Peter H. Westby's answer This is a complicated matter and I strongly recommend that you hire a probate lawyer to assist you. Since the proceeding is in Nevada, you should speak with a Nevada probate lawyer.
Ryan K Hodges' answer The exemptions are found at A.R.S. § 11-1134, https://www.azleg.gov/ars/11/01134.htm. Subsection (B)(8) usually applies to transfers to trust, but you should review it and the others to be sure it fits your situation.
Ryan K Hodges' answer An agent under a power of attorney cannot usually transfer assets to himself. That is typically considered self-dealing and not allowed. On the other hand, you may look into ADOT MVD Form 96-0561, Beneficiary Designation for Vehicle Title Transfer Upon Death, and really you should get a last will and testament in place.
Ryan K Hodges' answer An amendment can be challenged if it does not comply with the form of an amendment provided for in the trust or if it has other legal defects. As far as I know, the court does not offer a particular form for doing so. The court has a generic objection form that could be adapted to that purpose.
Ryan K Hodges' answer If the house is auctioned for more than is owed, then the excess proceeds should be turned over to the trust. You would still receive your share from those excessive proceeds. The downside is that houses usually sell for less than at auction than they would in a private sale.
Ryan K Hodges' answer Having her on the deed is a good step. If the deed states that you own it jointly with rights of survivorship, then she will become the sole owner upon your death. This, however, does not remove or invalidate the mortgage in any way. The debt will still need to be paid.
Ryan K Hodges' answer The estate planning laws are different. However, Arizona will generally recognize a will that is validly executed in another state. You may still want to consult an attorney about your estate plan and documents.
Ryan K Hodges' answer If you are both on the deed with rights of survivorship, then upon the death of the first spouse, the survivor will automatically become the sole owner. However, this done eliminate liens or mortgages that may be against the property. Those will still apply.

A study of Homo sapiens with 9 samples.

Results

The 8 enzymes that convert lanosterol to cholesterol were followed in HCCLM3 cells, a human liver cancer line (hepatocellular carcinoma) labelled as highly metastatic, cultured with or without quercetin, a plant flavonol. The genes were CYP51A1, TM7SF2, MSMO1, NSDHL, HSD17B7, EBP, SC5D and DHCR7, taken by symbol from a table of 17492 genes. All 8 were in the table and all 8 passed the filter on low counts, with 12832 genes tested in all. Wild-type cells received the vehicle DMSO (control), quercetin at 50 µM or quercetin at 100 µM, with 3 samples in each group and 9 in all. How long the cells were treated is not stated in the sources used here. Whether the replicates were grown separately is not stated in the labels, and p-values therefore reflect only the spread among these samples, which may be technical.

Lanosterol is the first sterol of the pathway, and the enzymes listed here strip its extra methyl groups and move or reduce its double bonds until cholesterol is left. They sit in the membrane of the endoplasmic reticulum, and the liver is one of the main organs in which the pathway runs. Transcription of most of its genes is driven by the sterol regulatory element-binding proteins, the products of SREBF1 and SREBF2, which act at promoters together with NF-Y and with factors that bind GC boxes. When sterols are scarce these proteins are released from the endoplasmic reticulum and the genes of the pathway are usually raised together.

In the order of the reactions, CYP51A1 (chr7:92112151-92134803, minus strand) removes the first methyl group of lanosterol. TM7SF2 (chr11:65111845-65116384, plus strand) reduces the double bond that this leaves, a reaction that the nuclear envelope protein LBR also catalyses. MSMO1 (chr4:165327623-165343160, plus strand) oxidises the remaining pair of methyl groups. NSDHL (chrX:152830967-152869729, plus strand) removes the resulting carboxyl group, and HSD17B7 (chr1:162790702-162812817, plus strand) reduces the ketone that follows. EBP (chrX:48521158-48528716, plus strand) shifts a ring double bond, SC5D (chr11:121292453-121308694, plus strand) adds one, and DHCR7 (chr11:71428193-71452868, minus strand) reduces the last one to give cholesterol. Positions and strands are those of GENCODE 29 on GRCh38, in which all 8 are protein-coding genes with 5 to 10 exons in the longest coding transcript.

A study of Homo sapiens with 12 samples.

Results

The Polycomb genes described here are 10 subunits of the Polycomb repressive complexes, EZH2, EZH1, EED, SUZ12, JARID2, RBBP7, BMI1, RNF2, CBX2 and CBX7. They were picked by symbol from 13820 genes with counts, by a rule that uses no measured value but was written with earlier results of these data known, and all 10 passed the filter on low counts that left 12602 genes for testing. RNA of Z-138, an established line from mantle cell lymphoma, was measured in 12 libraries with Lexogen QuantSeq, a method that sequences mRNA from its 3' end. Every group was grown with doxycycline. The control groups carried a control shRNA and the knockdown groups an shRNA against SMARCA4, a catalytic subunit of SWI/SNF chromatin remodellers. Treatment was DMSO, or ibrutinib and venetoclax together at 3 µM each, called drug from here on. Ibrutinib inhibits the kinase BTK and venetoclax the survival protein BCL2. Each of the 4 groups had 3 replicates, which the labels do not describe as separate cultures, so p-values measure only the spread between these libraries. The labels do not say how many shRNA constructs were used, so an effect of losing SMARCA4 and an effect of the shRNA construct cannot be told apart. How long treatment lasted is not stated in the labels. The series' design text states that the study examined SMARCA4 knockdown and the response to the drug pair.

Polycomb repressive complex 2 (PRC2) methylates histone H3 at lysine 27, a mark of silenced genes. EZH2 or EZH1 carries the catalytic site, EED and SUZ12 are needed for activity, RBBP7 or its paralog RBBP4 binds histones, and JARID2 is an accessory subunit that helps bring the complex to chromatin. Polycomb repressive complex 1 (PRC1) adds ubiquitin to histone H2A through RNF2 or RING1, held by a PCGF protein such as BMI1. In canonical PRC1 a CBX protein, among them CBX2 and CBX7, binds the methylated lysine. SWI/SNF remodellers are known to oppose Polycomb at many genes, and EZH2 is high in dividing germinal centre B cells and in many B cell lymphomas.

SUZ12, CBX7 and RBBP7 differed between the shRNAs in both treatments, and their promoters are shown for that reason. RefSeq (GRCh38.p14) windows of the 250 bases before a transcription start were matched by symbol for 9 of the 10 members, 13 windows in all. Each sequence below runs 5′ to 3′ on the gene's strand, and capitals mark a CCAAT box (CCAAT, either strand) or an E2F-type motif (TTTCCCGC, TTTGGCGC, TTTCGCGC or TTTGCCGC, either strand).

Ryan K Hodges' answer Self-made wills can be valid just like ones done by attorneys. If it is type-written, it must be signed by the testator or in the testator's name by some other individual in the testator's conscious presence and by the testator's direction and signed by at least two people, each of whom signed within a reasonable time after that person witnessed either the signing of the will or the testator's acknowledgment of that signature or acknowledgment of the will. Notarization is actually not...
Ryan K Hodges' answer Depending on the value of the properties, the heirs could use a small estate affidavit to transfer the properties to themselves without the need for a full probate. The court probably has the forms on its website, depending on what county they are in.
Ryan K Hodges' answer The amount of information you are entitled to depends on whether the assets are held in an estate or trust. If it is an estate, the personal representative must give you an initial inventory from the date of death and an income and expense report (i.e. accounting) from then until final distributions. If it is a trust, the trustee must provide similar information from time that the trustee is appointed, which is usually the date of death, but it may not be. See ARS Title 14, Chapter 3, Articles...
Peter H. Westby's answer This depends upon the instructions given to the Trustee in the Trust. It may be appropriate. If the Trust is unclear or if you believe that the Trustee is acting improperly, an action can be filed with the Court to address these issues. Where a Trustee is abusing his/her authority, the Trustee can be removed by the Court and a new Trustee appointed. I recommend that you review the facts of this matter with an Attorney. Once your attorney has reviewed the trust document and learned all of...
Ryan K Hodges' answer Because the estate is proceeding under NM law, you will need to ask NM attorney for sure. Frankly, the estate will probably need to sell the vehicles to clear title and pay off the lienholders.